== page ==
Cultivating Creativity in Young Children

As Halloween approaches, I am reminded to dust off my tooth fairy costume in preparation for the big day. Donned in a white robe, wings, and a sash holding “just in case” supplies like dental floss and coins for unexpected lost teeth, it has become tradition for me to flit down the hall from room to room with my toothbrush wand reminding children to brush their teeth after consuming the traditional trick or treat candy that night. Children take the clean tooth pledge, and faculty members are awarded happy tooth stickers as evidence of their class’s commitment.
Of course, I’m not the only one clad in fantasy clothing that day. There are princesses, dragons, cowboys, and superheroes all dressed for the occasion. This day of make believe creates memories for young children that will last a lifetime, but as early childhood educators, we have the opportunity to nurture the creative and imaginative spirit in children each day. From story time to the dress up corner, playground, and beyond, children are often provided opportunities to engage in pretend and play activities. Daniel Pink, author of A Whole New Mind, names creativity as an essential 21st century skill and validates the importance of developing this quality in order to prepare for the challenges of the future.
As early learning educators, we must continue to seek new and innovative ways to foster creative thinking in young children. In addition to professional development opportunities such as the recently held Florida Kindergarten Council Convention in Orlando, a wealth of information is literally at our fingertips. Social media networks such as Twitter and Pinterest now connect us with educators throughout the world that share the same passion for developing young minds filled with inventive ideas. Model the love of learning by becoming acquainted with these resources if you have not done so already.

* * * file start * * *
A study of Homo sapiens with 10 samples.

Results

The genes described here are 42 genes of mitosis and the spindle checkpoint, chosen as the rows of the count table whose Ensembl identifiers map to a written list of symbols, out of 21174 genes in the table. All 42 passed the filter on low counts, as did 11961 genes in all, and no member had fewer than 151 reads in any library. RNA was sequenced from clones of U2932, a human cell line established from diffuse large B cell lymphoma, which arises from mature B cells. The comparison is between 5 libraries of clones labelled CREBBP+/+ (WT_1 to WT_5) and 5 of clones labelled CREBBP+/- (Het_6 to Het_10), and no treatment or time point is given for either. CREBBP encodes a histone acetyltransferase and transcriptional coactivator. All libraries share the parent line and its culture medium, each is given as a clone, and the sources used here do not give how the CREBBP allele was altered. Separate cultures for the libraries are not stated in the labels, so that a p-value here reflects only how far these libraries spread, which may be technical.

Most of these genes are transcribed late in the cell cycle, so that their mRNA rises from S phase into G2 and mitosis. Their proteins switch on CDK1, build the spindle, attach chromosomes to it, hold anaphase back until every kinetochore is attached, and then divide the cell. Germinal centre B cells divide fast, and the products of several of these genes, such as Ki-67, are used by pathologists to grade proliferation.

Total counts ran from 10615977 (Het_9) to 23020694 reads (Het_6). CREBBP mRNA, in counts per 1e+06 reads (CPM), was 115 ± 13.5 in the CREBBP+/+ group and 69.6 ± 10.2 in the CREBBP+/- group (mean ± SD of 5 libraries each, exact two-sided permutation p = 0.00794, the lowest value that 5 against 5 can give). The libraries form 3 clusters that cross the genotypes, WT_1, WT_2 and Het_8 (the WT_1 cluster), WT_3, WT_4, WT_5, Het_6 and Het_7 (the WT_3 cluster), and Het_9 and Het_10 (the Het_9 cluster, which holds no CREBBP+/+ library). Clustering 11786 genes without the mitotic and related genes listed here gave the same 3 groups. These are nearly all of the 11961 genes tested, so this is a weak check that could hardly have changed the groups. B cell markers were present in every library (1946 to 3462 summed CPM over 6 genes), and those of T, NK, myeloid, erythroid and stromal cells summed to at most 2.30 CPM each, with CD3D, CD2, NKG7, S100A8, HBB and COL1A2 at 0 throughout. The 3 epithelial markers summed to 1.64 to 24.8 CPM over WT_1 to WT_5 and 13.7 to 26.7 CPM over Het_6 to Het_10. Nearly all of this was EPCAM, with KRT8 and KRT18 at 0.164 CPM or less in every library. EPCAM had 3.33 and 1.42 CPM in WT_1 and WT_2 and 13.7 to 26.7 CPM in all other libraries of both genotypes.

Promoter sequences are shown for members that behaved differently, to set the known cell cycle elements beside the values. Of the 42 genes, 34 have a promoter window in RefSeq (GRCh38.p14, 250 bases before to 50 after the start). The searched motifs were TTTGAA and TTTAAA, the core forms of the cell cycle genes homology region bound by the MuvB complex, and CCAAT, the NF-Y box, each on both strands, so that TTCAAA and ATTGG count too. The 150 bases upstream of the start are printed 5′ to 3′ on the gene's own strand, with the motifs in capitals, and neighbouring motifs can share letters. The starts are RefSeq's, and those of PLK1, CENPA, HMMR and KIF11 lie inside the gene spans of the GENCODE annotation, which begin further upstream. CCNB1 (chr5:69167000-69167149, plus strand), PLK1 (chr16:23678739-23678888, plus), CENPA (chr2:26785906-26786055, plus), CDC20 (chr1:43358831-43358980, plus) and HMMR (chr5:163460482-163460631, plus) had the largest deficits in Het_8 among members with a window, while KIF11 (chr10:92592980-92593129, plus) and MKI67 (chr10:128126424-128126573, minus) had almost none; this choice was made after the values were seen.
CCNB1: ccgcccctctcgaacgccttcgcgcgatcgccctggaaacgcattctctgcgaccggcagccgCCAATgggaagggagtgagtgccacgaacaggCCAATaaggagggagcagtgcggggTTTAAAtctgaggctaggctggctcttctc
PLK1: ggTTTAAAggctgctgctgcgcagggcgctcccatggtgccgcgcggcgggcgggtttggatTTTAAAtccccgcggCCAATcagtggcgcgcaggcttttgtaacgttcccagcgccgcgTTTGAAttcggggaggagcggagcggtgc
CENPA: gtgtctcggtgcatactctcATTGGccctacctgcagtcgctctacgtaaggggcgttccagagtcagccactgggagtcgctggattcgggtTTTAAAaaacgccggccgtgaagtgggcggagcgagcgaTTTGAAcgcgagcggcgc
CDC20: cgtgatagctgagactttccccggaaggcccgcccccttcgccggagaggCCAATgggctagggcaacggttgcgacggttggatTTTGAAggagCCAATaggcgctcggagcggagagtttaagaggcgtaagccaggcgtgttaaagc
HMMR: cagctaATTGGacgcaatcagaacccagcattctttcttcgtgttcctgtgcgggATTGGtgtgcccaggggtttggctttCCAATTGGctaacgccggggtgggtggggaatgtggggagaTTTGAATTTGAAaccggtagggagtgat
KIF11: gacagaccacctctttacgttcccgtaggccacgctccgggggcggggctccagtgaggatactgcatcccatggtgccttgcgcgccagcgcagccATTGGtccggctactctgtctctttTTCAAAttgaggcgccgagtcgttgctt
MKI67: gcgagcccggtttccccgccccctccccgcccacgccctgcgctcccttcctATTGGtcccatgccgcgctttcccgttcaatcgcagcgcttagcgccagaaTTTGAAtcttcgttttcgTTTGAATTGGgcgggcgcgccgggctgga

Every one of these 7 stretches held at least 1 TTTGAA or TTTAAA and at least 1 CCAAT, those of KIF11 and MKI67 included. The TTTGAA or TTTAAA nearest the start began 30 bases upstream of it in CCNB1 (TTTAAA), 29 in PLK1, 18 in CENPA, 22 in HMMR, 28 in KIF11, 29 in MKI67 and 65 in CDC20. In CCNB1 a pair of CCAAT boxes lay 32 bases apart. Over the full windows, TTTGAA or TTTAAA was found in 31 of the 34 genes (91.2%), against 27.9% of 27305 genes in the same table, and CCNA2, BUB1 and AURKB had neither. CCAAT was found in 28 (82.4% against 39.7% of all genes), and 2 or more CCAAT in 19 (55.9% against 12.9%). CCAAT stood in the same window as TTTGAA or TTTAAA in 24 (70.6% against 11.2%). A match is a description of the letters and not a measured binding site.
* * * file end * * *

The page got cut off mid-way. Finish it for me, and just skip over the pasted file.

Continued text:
We have a unique opportunity to influence the future through active engagement in the lives of early learners. By providing open-ended experiences through manipulative play, art, storytelling, journaling, conversation, and more, we can have a profound influence on the potential of the children we serve. Embrace the challenge of cultivating the creative talents of tomorrow’s global citizens, and enjoy being a part of their world of wonder today. And one last thing……..don’t forget to brush your teeth!